Appendix P : Imports of Vegetables to the United Kingdom
The text is taken from my copy of FIELDS, FACTORIES AND WORKSHOPS: or Industry Combined
with Agriculture and Brain Work with Manual Work, Thomas Nelson & Sons, London, Edinburgh, Dublin and New York, 1912.
P.-IMPORTS OF VEGETABLES TO THE UNITED KINGDOM.............447
That the land in this country is not sufficiently utilized for market-gardening, and that the largest portion of the vegetables which are imported from abroad could be grown in this country, has been said over and over again, within the last twenty-five years.
It is certain that considerable improvements have taken place lately- the area under market, and especially the area under glass for the growth of fruit and vegetables, having largely been increased of late. Thus, instead of 38,957 acres, which were given to market-gardening in Great Britain in 1875, there were, in 1894, 88,210 acres, exclusive of vegetable crops on farms, given to that purpose (The Gardeners Chronicle,20th April, 1895, p. 483). But that increase remains a trifle in comparison with similar increases in France, Belgium, and the United States. In France, the area given to market-gardening was estimated in 1892 by M. Baltet (Lhorticulture dans les cinq parties du monde, Paris, Hachette, 1895) at 1,075,000 acres- four times more, in proportion to the cultivable area, than in this country; and the most remarkable of it is that considerable tracts of land formerly treated as uncultivable have been reclaimed for the purposes of market-gardening as also of fruit growing.
As things stand now in this country, we see that very large quantities of the commonest vegetables, each of which could be grown in this country, are imported.
Lettuces are imported- not only from the Azores or from the south of France, but they continue until June to be imported from France where they are mostly grown- not in the open air, but in frames. Early cucumbers, also grown in frames, are largely imported from Holland, and are sold so cheaply that many English gardeners have ceased to grow them.*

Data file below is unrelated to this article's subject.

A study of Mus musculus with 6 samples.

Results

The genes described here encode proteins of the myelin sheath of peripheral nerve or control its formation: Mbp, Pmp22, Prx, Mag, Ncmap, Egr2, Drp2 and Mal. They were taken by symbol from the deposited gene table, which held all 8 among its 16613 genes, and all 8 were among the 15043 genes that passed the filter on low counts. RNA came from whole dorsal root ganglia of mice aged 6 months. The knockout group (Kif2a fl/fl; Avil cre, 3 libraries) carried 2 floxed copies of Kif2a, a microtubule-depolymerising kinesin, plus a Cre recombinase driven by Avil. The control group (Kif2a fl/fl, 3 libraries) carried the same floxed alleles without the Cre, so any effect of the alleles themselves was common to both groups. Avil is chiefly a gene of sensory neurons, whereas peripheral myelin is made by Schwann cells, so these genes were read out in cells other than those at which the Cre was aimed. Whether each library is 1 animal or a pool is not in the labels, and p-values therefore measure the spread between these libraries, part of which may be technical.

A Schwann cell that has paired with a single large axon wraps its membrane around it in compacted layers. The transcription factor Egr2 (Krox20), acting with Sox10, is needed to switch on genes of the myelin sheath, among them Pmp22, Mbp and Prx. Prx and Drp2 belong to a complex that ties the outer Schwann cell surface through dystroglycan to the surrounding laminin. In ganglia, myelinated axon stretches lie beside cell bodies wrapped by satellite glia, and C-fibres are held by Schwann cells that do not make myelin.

* The Gardeners Chronicle, 20th April, 1895, p. 483. The same, I learn from a German grower near Berlin, takes place in Germany.
Even beetroot and pickling cabbage are imported from Holland and Brittany (the neighborhoods of Saint Malo, where I saw them grown in a sandy soil, which would grow nothing without a heavy manuring with guano, as a second crop, after a first one of potatoes); and while onions were formerly largely grown in this country, we see that, in 1894, 5,288,512 bushels of onions, £765,049 worth, were imported from Belgium (chief exporter), Germany, Holland, France, and so on.
Again, that early potatoes should be imported from the Azores and the south of France is quite natural. It is not so natural, however, that more than 50,000 tons of potatoes (58,060 tons, £521,141 worth, on the average during the years 1891-1894) should be imported from the Channel Islands, because there are hundreds if not thousands of acres in South Devon, and most probably in other parts of the south coast too, where early potatoes could be grown equally well. But besides the 90,000 tons of early potatoes (over £700,000 worth) which are imported to this country, enormous quantities of late potatoes are imported from Holland, Germany, and Belgium; so that the total imports of potatoes reach from 200,000 to 450,000 tons every year. Moreover, this country imports every year all sorts of green vegetables, for the sum of at least £4,000,000 and for £5,000,000 all sorts of fruit (apart from exotic fruit); while thousands of acres lie idle, and the country population is driven to the cities in search of work, without finding it.